Jill Bolte Taylor will receive the highest civilian honor in Indiana during a ceremony at Butler University on April 4. Photo from Jill Bolte Taylor.
SORELL GROW | NEWS EDITOR | email@example.com
In the spring of 2017, 10 large and colorful fiberglass brain sculptures were displayed around campus as part of One Butler: The Brain Project. On April 4, the neuroanatomist who backed the yearlong, campus-wide initiative will be recognized by the state of Indiana for her contribution to brain wellness education, research and community involvement.
Jill Bolte Taylor will be presented the highest civilian honor in Indiana, the Sagamore of the Wabash, at Butler University on April 4. Governor Eric Holcomb will send a representative to award Taylor.
“I’m very touched,” Taylor said. “It’s a lovely reminder that what I’m doing in the world has value and that people are cheering me on.”
She is being honored for her service to Hoosiers as a neuroanatomist and for educating “vast numbers of laypeople about how the brain works and what happens when a person experiences a stroke or mental illness,” as described in her nomination letter submitted by Taylor’s colleagues at Butler.
Taylor is a Terre Haute native, Indiana University alumnae and currently lives in Bloomington. She said she recalls hearing about the Sagamore all her life, which made it a big surprise when she found out she will receive the honor.
While Taylor is not a member of Butler faculty, she was the spring commencement speaker in May 2016, which is when her relationship with the university began. She returned in September that year to give a lecture to a sold-out Clowes Memorial Hall, which kicked off a year-long lecture series on topics surrounding brain and mental health with different guest speakers.
“That was really the beginning of a long term relationship that allowed me to be able to bring my knowledge and enthusiasm to the Butler campus,” Taylor said. “I feel a strong connection to the Butler population and I know it’s just the kind of collaboration that I know will continue to grow in a really positive way.”
In April 2017, Taylor commissioned the large brain sculptures that were placed around campus as part of the One Butler: The Brain Project. Over 40,000 people came to campus to see the art display, which highlighted different neuroscience themes like addiction, creativity, mental health and sports wellness.
While studying to be a neuroanatomist at Harvard University in 1996, Taylor experienced a severe stroke at the age of 37. She spent the next eight years recovering and researching her neurological trauma, as documented in her New York Times bestseller “My Stroke of Insight: A Brain Scientist’s Personal Journey.”
Her TED talk, titled “My stroke of insight,” is now one of the top five most watched TED talks of all time, with over 24 million YouTube views. Taylor was chosen as one of TIME Magazine’s 100 Most Influential People in the World for 2008 and has been the premiere guest on Oprah Winfrey’s Soul Series webcast. Taylor is also involved in the development of the upcoming feature film about her life, to be directed by Ron Howard.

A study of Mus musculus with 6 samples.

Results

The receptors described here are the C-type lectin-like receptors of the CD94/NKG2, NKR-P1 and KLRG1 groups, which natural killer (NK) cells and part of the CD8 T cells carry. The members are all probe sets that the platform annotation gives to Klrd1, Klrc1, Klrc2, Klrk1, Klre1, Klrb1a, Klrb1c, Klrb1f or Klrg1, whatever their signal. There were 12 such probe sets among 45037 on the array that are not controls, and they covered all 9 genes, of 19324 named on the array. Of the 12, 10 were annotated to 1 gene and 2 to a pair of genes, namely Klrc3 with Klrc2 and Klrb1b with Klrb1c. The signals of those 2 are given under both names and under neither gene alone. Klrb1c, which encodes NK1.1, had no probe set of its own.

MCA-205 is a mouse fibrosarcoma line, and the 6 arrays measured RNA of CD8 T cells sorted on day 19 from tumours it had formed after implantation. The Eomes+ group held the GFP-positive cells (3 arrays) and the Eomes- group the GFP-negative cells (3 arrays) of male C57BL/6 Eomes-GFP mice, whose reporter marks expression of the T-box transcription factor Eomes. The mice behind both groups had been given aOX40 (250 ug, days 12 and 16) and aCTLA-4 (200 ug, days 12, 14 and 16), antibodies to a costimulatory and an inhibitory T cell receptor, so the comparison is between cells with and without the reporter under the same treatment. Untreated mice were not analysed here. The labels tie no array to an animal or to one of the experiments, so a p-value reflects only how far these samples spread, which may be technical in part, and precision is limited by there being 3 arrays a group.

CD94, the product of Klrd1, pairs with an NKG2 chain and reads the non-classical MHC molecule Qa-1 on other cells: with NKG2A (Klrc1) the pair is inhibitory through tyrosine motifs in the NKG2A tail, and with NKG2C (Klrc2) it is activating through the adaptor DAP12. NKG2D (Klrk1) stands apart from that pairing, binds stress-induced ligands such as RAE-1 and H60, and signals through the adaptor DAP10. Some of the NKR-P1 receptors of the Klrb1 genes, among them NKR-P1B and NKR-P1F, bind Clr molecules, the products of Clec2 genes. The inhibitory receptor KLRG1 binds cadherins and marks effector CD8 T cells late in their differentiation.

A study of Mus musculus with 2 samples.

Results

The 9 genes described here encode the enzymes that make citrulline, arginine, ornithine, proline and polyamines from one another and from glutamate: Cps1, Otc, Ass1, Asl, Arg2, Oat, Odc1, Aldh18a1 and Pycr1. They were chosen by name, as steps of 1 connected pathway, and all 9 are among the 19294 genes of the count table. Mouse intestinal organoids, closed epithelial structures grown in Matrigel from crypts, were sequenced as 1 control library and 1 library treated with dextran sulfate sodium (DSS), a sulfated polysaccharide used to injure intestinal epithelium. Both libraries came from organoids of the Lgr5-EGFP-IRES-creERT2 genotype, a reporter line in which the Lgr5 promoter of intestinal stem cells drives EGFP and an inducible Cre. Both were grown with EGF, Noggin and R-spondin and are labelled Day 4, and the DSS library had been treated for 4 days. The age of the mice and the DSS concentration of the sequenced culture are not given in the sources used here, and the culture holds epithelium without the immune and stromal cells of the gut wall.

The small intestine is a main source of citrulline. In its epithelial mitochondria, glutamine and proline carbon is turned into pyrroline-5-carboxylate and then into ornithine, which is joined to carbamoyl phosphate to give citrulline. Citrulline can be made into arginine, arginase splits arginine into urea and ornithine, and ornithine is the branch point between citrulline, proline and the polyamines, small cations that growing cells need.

“People like me, who do what we do to be of service to humanity, do what we do because we have to do it,” Taylor said. “I’m going to continue what I do with or without the accolade along the way. But it’s always lovely when people get together and they honor the work that you have done.”
Susan Kleinman, director of strategic initiatives in the College of Education, and education professor Catherine Pangan both worked with Taylor during her time at Butler in 2016 and 2017.
Kleinman said a noticeable shift in attitude about brain wellness and mental health on campus occurred after Taylor spoke in Clowes. She said she noticed many students started taking their stress, sleep schedules and mental health more seriously after Taylor spoke on campus.
“There were several people, after she spoke, that described their challenges with their depression or mental illness or anxiety who would never have shared that in a public way,” Kleinman said. “All of that was her doing.”
Taylor’s message is being carried on with alumni too, Kleinman said. Several former education students who worked with Taylor on The Brain Project have since brought neuroscience and anatomy of the brain into their elementary school classrooms after graduating from Butler.
A student who worked with Taylor is now studying neuroscience in graduate school and another student is in graduate school for public health with a concentration in neuroanatomy and speech pathology.
“We feel like Dr. Jill had a huge impact on the general culture of the campus,” Pangan said. “She’s really been an inspiration to a lot of people in this community.”
Ena Shelley, dean of the College of Education, wanted to bring Taylor to campus for the 2016-17 school year in order to put forth more neuroscience initiatives.
“[Shelley] really spearheaded it out of the College of Ed but did it for the benefit of the entire university,” Pangan said.
Taylor’s nomination for the Sagamore of the Wabash was sent in by Ena Shelley, Susan Kleinman and other Butler faculty.
“We’re just totally honored to be able to partner with the governor in giving the highest civilian award that he hands out to someone who we consider to be our friend as well as an inspiration to so many millions of people around the world,” Kleinman said.
The Sagamore of the Wabash award ceremony will take place at 4:30 p.m. tomorrow in Shelton Auditorium at South Campus.
“My heart is filled with gratitude for the people who went to bat for me to receive this award,” Taylor said. “I anticipate a very long and healthy ongoing, project-based relationship with the Butler community.”